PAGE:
Loving the outdoors
Loving the outdoors
Forget diamonds and pearls. When John Hemmer wanted to give his wife, Jane, an anniversary gift, he presented her with a small herd of Belted Galloway cattle. "I had seen these cows and thought they were the most exquisite animals," remembers Jane.
The Hemmers sell some "Beltie" young stock, but the heritage breed is just fun to have around, says Jane. "They are so docile -- just sweethearts -- and we love looking at them," she says.
It's all fun
Almost everything on this 400-acre property in Hall County, Georgia, about 60 miles northeast of Atlanta, is fun to look at and enjoy - from the gardens, to the pool and ponds, to the various animals. The farm has been in Jane's family since the early 1800s. Jane and John acquired the property in the late 1970s. When they were about to break ground for their house, the Georgia Department of Transportation announced plans for an interstate extension to cut through one edge of the property. Rather than watching as 22 acres of timber were destroyed, the couple enlisted a local sawmill to transform the trees into lumber for their home.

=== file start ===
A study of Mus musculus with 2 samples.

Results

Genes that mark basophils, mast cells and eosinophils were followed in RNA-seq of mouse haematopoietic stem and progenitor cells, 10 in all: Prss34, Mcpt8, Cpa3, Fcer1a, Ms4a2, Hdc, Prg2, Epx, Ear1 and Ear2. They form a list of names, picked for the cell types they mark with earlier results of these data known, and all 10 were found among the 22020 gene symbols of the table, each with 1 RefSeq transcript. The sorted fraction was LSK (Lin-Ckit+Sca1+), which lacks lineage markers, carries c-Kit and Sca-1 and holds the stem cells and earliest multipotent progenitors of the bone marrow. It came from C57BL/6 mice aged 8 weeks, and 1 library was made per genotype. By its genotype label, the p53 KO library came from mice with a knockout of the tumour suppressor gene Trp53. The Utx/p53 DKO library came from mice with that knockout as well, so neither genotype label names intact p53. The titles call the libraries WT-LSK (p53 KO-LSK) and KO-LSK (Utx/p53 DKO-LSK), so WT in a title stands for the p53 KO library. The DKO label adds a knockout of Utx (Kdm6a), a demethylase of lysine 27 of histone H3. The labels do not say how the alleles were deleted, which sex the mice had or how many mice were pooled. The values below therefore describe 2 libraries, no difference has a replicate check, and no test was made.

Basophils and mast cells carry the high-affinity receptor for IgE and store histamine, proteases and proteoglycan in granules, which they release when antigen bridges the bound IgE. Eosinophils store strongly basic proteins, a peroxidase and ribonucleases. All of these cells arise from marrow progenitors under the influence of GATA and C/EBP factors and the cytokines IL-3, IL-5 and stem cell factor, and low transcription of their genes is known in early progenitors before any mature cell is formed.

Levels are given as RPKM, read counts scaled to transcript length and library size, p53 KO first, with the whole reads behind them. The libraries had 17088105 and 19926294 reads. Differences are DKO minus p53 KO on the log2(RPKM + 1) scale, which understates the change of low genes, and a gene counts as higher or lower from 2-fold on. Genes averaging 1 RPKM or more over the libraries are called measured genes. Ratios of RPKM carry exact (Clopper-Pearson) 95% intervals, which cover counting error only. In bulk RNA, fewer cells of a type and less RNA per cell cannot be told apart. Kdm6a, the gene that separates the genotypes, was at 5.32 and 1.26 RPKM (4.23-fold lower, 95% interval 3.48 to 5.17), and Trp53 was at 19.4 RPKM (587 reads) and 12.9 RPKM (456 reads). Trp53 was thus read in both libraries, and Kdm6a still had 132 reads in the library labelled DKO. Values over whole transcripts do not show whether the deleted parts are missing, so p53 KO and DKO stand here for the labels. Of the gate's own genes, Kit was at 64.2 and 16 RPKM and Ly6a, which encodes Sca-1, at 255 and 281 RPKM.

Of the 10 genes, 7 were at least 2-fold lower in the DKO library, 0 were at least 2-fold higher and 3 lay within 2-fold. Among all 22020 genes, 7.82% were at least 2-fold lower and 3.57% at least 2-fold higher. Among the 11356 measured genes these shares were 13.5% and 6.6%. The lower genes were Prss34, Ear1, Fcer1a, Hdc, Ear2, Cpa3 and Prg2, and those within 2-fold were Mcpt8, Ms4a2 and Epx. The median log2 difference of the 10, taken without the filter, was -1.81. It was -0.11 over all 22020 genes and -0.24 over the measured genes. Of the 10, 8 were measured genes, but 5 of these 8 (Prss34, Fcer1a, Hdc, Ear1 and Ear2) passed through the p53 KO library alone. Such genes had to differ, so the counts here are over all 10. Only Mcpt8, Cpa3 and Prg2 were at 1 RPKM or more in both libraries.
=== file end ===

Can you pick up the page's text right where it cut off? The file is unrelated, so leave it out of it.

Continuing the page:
Jane's brother, an architect, designed the home to complement the farm's woodlands and gently rolling pastures and to accommodate as many as 150 dinner guests. "We love to entertain," says Jane, who is a former state senator and is active in many civic organizations.
The home is surrounded by a beautifully manicured lawn. There is an heirloom garden in the front yard where Jane, a Master Gardener, has transplanted perennials from family members' gardens, including a butterfly bush from John's mother and hyacinths from her mother.
There are also plenty of outdoor living spaces as well, including a crystal blue, in-ground pool and several cozy outdoor dining areas. Further out from the house, near one of the farm's two ponds, there is a fire pit and picnic grounds where many summer gatherings are held.
The north fork of the Oconee River runs through the middle of the farm. "Our children and their school friends loved to wade in it when they were young. They could spend all day searching out crayfish and salamanders from hiding places under rocks," says Jane.
A nearby abandoned gold mine also provides entertainment. "On hot summer evenings, we've been known to take lawn chairs down and sift for gold in the river, but we haven't found any nuggets yet," reports Jane.